I love running. Specifically, I love running outside. I love the fresh air, constantly changing scenery, and actually moving forward to get somewhere. Alone is ok but with a friend, we can find a pace that is mutually beneficial, talk to each other, and accomplish something together. The weather isn’t always perfect, but I love being OUTSIDE. But occasionally, due to weather, I have to run on a treadmill inside a gym.
I hate treadmills.
Don’t get me wrong, the availability of a treadmill is great. The climate is controlled for you and you never have to leave the room. It’s predictable. But that’s also the problem. For me, what makes running a joy is that it’s outdoors…and I was born for the outdoors. Treadmill scenery never changes. People come and go out of the gym but you’re stuck in the same place you started. Others may run alongside you but they’re not getting anywhere either. Headphones on to distract from the boredom and to avoid any awkward conversation, they just get busy. Treadmills have become the subways of the fitness world, crowded and lonely at the same time. Churches can be like that, too.
I’ve been on a spiritual treadmill at times, too. Running hard to keep up with what I thought were Kingdom priorities but getting nowhere, mistaking busyness for progress. I’d fallen into the common trap of thinking that doing for God was the same as being with God. But they are not. On the spiritual treadmill you work hard but see little fruit from your labor. You try to live a life of excellence without realizing you are already made in the image of God and it’s the work of Christ in you that makes you excellent.
For we are God’s handiwork, created in Christ Jesus to good works… Ephesians 2:10
…for it is God who works in you to will and to act in order to fulfill Hs good purpose. Philippians 2:13
The worst thing about a treadmill is that we never leave the room. On the spiritual treadmill the church building becomes our gym as all of our time and effort is used to entertain Christians. We build stationary church buildings and expect the lost to come to us when Jesus said to go out into all the world and make disciples.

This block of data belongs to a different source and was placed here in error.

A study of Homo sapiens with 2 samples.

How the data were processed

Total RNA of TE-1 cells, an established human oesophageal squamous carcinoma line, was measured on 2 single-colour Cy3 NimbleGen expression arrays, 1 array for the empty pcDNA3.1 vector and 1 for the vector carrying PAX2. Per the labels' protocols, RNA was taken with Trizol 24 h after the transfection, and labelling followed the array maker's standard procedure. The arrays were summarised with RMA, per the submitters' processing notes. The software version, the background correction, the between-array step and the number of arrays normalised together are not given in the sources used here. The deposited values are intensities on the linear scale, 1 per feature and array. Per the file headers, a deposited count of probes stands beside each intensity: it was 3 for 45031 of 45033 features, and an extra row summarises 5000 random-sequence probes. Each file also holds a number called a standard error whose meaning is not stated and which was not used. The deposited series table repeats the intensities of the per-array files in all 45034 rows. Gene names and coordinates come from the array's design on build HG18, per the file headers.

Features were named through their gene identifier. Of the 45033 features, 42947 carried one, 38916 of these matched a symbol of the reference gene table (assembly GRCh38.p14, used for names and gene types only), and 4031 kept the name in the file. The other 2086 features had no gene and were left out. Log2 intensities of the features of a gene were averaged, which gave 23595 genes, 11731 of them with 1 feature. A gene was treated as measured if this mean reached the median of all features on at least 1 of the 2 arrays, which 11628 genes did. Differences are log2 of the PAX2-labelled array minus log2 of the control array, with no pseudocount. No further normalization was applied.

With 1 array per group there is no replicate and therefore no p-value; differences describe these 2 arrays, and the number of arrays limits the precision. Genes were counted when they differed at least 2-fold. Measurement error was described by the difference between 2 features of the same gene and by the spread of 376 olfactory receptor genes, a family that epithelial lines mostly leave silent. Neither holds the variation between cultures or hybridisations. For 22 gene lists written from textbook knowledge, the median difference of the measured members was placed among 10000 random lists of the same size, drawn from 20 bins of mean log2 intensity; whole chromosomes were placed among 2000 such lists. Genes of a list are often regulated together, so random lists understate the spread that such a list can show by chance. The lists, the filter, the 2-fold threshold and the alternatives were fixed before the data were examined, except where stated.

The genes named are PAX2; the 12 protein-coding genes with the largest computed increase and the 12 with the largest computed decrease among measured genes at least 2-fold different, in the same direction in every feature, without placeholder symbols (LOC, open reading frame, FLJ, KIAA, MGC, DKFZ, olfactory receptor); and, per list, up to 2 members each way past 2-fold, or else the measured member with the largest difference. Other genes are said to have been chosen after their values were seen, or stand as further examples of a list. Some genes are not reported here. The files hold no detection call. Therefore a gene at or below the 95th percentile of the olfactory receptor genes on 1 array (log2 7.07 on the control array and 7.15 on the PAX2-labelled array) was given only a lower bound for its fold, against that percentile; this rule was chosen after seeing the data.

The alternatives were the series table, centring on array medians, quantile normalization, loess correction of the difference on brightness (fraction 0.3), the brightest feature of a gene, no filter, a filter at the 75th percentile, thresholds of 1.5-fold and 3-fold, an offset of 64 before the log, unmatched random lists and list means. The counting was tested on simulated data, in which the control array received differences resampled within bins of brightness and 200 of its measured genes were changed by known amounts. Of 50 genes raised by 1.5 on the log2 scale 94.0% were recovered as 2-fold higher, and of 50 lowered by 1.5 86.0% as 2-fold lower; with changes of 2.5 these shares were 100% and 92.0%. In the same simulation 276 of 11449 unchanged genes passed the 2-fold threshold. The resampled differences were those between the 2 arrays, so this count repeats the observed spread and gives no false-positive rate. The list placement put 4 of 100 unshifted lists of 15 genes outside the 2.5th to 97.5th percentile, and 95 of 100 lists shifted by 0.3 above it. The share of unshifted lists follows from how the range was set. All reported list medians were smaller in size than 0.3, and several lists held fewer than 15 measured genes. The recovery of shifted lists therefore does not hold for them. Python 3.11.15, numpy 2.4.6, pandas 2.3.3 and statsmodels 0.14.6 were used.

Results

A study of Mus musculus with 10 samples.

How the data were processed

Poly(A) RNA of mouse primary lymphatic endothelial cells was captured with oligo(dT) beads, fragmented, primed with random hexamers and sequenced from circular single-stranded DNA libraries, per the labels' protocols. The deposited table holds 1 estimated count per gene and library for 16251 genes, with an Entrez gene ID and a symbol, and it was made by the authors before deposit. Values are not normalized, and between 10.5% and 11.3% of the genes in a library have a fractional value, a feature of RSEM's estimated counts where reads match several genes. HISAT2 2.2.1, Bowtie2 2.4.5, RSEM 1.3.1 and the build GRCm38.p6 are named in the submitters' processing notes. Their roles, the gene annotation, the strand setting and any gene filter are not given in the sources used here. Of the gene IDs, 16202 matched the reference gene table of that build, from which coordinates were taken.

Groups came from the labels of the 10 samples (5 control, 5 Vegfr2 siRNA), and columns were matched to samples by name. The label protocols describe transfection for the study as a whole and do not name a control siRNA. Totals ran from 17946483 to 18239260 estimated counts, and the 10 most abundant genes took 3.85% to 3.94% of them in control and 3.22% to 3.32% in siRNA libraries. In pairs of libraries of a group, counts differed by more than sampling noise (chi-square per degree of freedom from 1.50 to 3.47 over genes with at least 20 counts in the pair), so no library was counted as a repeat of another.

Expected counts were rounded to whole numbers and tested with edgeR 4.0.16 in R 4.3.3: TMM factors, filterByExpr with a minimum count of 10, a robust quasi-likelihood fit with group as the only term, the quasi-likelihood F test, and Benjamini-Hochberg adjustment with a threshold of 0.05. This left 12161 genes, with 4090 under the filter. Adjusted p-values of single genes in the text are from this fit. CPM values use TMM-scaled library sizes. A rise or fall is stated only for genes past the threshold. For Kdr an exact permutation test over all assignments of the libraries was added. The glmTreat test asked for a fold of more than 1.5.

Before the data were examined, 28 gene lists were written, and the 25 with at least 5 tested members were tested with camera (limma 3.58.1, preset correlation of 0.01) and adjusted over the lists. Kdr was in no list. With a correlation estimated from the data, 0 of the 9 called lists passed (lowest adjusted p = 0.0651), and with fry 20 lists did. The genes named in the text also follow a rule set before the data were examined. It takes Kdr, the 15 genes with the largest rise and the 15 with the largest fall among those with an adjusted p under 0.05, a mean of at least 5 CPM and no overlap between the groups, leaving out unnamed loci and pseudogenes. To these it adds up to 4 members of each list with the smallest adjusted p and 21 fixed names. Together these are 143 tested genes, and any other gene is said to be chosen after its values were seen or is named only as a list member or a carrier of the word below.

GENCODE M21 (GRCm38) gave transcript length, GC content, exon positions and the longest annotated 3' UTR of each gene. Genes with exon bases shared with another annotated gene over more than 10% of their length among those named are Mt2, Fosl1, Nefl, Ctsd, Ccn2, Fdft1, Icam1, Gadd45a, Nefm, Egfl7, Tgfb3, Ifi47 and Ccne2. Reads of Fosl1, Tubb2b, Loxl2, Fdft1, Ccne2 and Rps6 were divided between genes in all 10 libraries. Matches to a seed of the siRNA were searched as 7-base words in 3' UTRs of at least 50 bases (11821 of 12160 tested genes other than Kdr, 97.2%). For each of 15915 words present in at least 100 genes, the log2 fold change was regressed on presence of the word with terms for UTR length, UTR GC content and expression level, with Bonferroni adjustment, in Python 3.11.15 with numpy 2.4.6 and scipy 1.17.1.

Our efforts on the spiritual treadmill say ‘come and see what we’ve built’ when Jesus said ‘go and make disciples.’
Responding to the call of Jesus to go out is risky. It’s easier to put on the headphones of our religious rhetoric and get right back on the treadmill. But after a while even the fittest get tired, turn off the machine, and walk out of the gym. There’s always someone else waiting for your treadmill.
The outdoors are for me. I’ve come to realize that Jesus is more concerned about me walking with Him than how far I’ve run, or whether I outran the person next to me. He’s not interested in what I’ve built. He’s interested in me. He’s interested in who I’ve brought to Him. Jesus is bringing His Kingdom of righteousness, peace, and joy to a world that desperately needs it and He is bringing me along. There is freedom and beauty in an outdoor run and in there is freedom and beauty in that kind of relationship with Jesus.
As a disciple of Jesus, I can no longer afford a spiritual treadmill because if what God pours into the Church stays in the Church, then it will die in the Church. To make disciples and advance the Kingdom of Heaven my greatest efforts need to be outside the walls of my church building where the real gains are to be made.
Do yourself a favor…Get off the treadmill. You’ll be glad you did.